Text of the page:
I've got this odd writing process. I write a chapter or scene, and start writing the next, but then realize that I need to add or deepen or change something in the earlier scene. So I got back and "layer in" whatever I've realized I need to do. So I never really have a first draft, as I'm making changes even as I write new material.
I'm doing that now, in fact. I've started what was supposed to be a short story but is looking to be a novella-- I'm in chapter three, and the conflict is just getting joined. When I wrote the first chapter, I had a minor character Amelia, the sister-in-law, and she is the "pivot" that brings the hero and heroine together. Well, she actually DID in the first version. She writes a note to the hero telling him to meet her at an art gallery, and then tells the heroine to meet her there too, and she doesn't show but they encounter each other. Awwwww.... well. She certainly is a nice guardian angel, isn't she?
When I found myself inventing an elaborate motivation for her to do this ("she wants to bring Jordy back into the family from which he is estranged! And also to distract Felicity from possibly stealing back her former fiance, now Amelia's husband!"), I sensed that I was resting a whole lot of the plot action on the machinations of a minor character. Sure, she has motivation... but really. She isn't the protagonist. So her motivation shouldn't be more intense and dramatic and plausible than the main characters.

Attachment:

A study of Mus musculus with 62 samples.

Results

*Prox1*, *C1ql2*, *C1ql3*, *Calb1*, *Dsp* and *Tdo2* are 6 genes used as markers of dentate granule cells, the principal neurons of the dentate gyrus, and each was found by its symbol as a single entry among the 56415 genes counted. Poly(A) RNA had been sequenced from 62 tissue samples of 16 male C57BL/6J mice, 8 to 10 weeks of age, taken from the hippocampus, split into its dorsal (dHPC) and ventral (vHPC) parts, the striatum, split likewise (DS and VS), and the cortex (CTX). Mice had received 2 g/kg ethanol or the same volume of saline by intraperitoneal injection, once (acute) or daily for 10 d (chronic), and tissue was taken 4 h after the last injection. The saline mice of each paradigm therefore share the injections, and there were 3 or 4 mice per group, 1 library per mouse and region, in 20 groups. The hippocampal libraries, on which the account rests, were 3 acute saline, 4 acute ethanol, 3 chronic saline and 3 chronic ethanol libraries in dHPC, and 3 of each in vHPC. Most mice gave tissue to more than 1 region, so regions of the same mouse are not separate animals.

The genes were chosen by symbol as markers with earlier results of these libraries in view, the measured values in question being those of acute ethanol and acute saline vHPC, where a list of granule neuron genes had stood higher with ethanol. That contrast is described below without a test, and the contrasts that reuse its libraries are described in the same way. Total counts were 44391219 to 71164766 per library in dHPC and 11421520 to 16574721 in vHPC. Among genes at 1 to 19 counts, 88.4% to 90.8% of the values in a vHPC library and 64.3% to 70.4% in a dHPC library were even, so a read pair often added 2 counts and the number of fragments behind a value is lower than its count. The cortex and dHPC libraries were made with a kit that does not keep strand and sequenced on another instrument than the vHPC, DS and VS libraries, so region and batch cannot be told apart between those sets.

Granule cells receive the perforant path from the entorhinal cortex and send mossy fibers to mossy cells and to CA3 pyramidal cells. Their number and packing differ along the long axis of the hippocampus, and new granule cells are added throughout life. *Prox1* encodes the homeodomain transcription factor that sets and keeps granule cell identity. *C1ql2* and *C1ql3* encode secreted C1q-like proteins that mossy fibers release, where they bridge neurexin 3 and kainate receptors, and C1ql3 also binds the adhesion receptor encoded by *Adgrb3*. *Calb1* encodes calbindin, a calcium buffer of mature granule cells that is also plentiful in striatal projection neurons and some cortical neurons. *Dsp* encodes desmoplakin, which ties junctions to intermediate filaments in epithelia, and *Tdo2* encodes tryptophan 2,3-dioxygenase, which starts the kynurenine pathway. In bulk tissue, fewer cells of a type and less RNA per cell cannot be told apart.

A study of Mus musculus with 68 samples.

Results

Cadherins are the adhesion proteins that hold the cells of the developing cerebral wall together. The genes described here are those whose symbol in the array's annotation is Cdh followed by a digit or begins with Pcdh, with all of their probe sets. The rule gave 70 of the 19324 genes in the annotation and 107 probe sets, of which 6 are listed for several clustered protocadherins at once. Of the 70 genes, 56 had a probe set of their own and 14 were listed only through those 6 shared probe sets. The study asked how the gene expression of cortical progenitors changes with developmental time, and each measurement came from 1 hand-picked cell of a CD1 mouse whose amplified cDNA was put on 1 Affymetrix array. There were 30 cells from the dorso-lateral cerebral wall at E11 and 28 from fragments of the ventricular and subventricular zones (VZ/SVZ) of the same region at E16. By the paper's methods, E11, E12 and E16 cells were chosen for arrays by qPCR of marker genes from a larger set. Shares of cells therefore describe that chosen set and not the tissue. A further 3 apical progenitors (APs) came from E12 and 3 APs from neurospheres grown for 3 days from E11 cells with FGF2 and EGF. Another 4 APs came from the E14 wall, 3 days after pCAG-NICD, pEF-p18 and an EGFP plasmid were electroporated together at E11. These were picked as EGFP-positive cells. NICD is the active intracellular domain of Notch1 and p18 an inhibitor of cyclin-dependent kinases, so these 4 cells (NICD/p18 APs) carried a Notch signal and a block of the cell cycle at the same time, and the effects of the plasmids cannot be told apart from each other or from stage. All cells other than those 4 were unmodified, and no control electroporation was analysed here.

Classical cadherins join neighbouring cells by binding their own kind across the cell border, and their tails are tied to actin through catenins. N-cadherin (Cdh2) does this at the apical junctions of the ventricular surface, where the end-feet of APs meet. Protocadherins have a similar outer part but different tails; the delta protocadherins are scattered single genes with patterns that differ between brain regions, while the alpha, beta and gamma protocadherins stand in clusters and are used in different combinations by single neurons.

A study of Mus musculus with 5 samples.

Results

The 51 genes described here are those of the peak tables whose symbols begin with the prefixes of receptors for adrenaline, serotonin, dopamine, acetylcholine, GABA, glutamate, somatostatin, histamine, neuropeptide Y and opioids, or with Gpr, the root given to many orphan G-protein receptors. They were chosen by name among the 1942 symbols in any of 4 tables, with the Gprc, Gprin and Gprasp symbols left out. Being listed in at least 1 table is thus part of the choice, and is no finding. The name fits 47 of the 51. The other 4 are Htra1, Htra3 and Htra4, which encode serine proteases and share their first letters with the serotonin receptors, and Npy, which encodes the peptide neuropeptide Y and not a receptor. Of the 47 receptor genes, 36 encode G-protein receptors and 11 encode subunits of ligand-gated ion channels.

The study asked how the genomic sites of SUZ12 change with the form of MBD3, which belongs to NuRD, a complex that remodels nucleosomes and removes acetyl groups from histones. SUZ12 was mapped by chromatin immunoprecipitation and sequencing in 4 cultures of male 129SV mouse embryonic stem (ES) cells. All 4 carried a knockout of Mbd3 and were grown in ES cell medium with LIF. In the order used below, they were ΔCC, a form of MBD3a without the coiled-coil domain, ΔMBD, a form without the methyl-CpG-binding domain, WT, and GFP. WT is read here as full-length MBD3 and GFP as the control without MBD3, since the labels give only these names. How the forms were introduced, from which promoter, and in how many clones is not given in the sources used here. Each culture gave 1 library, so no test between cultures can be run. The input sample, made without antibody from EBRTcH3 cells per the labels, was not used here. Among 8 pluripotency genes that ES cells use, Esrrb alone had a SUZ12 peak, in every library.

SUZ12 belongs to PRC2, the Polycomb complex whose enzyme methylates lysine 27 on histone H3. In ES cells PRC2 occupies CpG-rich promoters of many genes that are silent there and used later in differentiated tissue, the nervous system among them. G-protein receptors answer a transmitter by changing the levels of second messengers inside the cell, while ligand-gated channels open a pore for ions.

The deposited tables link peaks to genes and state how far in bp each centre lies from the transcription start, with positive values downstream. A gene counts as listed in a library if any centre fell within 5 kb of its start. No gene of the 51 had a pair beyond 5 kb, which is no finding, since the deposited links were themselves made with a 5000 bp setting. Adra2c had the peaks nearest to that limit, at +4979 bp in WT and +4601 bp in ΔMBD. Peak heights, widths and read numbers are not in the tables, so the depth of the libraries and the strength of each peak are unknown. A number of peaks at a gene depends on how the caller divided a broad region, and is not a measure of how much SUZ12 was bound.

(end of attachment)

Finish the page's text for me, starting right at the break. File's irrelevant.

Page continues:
Every time I start a story, I learn this again. A story is only as strong as its protagonists. If they don't care enough, don't have enough motivation, to commit the actions that drive the plot, then they should be retired to the sidelines so someone more purposeful can take over the protagonist role.
So I went back to that opening scene, and squinted at it. How could I make Felicity re-encountering Jordy the result of the motivation of one of them? As soon as I posed the question, challenged myself to achieve this, I had the answer. She wants to warn him about the sister-in-law's machinations. So she tracks him down to tell him what's going on.
There. I feel better now. A minor character is no longer the most important person in my plot. My hero and heroine are center stage, where they ought to be.
And, btw, by revising this scene to force Felicity to act, I also eliminated an embarrassing coincidence that would have truly annoyed the reader. ("Oh. Right. Out of all the churches in all the villages in all the kingdom, she walks into the one run by the sister-in-law's vicar brother. How convenient.") Defaulting to protagonist action and motivation rather than coincidence and minor character machinations, I think I strengthened the opening and more important, strengthened my characters.
Am I the only one who has to re-learn this every book???